BENGALUR: Triple-layered masks, even those made of cloth, and N95 masks were found to provide the best protection from SARS-CoV-2, as they successfully prevent atomisation (or breaking down) of cough particles, finds a recent study. The researchers, however, clarify that when these masks are unavailable, even single-layered masks may offer some protection, and must be used wherever mandated.
A study by IISc researchers, in collaboration with scientists in UC San Diego and University of Toronto Engineering, found that the efficacy of face masks changes with the type of material, pore size and number of layers -- the most efficacious being the triple-layered masks, even those made of cloth.
Studies, by and large, have concentrated on leaks in the mask from the sides, that cause the virus to spread. However, these researchers tried to find out the role of the mask in atomising or breaking down cough droplets and causing the virus to spread.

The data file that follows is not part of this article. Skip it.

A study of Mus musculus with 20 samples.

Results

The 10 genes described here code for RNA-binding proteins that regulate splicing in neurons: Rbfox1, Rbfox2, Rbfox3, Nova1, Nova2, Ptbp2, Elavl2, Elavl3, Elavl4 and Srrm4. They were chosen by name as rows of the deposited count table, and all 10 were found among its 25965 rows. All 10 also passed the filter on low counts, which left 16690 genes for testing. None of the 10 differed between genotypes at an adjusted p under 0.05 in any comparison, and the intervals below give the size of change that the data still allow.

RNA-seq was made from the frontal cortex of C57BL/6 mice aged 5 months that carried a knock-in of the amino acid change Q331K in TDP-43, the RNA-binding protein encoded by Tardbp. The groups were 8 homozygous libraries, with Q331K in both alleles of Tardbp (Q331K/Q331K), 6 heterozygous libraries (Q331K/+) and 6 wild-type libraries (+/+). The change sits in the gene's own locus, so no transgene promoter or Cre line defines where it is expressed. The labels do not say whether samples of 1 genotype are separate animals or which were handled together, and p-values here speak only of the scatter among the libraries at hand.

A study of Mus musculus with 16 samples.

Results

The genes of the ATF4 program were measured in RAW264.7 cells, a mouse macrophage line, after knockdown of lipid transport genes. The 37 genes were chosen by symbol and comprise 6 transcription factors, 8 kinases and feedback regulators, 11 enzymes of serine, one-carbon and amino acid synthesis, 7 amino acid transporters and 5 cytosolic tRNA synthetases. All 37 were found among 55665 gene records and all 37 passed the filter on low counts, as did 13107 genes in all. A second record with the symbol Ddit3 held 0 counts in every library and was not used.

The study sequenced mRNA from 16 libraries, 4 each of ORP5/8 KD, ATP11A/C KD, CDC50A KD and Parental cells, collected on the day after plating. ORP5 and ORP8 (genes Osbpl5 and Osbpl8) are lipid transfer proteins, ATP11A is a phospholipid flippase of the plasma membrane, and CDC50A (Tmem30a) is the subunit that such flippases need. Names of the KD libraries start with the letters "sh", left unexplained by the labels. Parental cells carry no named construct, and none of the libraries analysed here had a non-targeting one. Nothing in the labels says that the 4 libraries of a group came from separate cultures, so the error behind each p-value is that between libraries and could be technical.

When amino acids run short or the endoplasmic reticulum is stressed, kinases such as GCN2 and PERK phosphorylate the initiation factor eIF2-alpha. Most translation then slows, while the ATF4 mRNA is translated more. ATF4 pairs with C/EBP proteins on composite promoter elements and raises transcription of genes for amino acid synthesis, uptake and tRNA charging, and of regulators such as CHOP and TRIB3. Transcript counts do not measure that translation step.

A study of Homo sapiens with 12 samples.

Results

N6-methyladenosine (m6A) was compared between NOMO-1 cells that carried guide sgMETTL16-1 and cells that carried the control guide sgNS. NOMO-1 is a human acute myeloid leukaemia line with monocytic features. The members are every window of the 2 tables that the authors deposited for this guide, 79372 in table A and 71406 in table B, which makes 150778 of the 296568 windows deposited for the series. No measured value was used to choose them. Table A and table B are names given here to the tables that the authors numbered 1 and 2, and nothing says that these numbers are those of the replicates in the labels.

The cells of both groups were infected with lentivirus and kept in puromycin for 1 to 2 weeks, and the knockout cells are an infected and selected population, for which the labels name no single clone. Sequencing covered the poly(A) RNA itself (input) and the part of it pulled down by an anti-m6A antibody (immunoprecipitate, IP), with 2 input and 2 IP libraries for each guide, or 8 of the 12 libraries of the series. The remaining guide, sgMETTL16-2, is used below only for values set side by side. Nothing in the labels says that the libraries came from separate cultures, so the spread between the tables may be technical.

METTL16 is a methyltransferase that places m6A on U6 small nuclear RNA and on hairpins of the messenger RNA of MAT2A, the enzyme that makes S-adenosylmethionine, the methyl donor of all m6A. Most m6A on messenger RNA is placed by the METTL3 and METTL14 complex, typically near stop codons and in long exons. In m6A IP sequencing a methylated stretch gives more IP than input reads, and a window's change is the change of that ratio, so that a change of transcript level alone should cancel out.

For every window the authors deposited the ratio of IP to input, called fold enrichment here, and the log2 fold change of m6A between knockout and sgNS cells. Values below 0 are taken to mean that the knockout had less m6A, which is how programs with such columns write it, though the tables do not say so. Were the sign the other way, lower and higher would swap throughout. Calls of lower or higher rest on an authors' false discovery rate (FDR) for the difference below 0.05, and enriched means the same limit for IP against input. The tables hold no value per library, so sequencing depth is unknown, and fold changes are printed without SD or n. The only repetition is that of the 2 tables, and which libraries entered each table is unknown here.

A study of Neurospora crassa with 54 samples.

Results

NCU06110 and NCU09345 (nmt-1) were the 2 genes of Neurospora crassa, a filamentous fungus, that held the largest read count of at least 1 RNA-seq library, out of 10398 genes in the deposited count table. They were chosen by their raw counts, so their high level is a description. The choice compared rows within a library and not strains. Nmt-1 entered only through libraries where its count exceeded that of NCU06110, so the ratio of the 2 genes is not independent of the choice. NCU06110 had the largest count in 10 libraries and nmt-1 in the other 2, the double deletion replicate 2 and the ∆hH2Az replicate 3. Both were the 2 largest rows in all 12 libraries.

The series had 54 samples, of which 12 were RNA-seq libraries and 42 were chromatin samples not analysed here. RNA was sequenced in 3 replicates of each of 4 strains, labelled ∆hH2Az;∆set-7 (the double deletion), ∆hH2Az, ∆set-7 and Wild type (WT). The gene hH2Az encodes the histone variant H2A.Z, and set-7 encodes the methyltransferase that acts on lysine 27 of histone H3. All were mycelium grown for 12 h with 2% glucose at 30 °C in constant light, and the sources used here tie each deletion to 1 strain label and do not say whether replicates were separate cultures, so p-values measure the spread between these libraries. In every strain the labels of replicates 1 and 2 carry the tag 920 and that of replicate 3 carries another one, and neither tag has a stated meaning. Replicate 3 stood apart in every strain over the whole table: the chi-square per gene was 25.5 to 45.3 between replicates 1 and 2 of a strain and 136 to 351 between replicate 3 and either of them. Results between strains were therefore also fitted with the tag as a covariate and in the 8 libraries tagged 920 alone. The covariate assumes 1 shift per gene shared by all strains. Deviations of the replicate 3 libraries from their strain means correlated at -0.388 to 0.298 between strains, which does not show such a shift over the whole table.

In single- and double-layered masks, researchers found that droplets atomised to smaller than 100 microns, and had the potential to become aerosols. These suspended particles could remain in the air for a long time and cause infection. “You are protected, but others around you may not be,” explains Saptarshi Basu, Professor in the Department of Mechanical Engineering, in a release by the institute.
The experiment revealed that single-layered masks could only block 30 per cent of the initial droplet volume from escaping. Double-layered masks blocked 91 per cent, but more than a quarter of the atomised droplets generated were in the size range of aerosols. Meanwhile, triple-layered and N95 masks had zero or negligible droplet transmission and generation.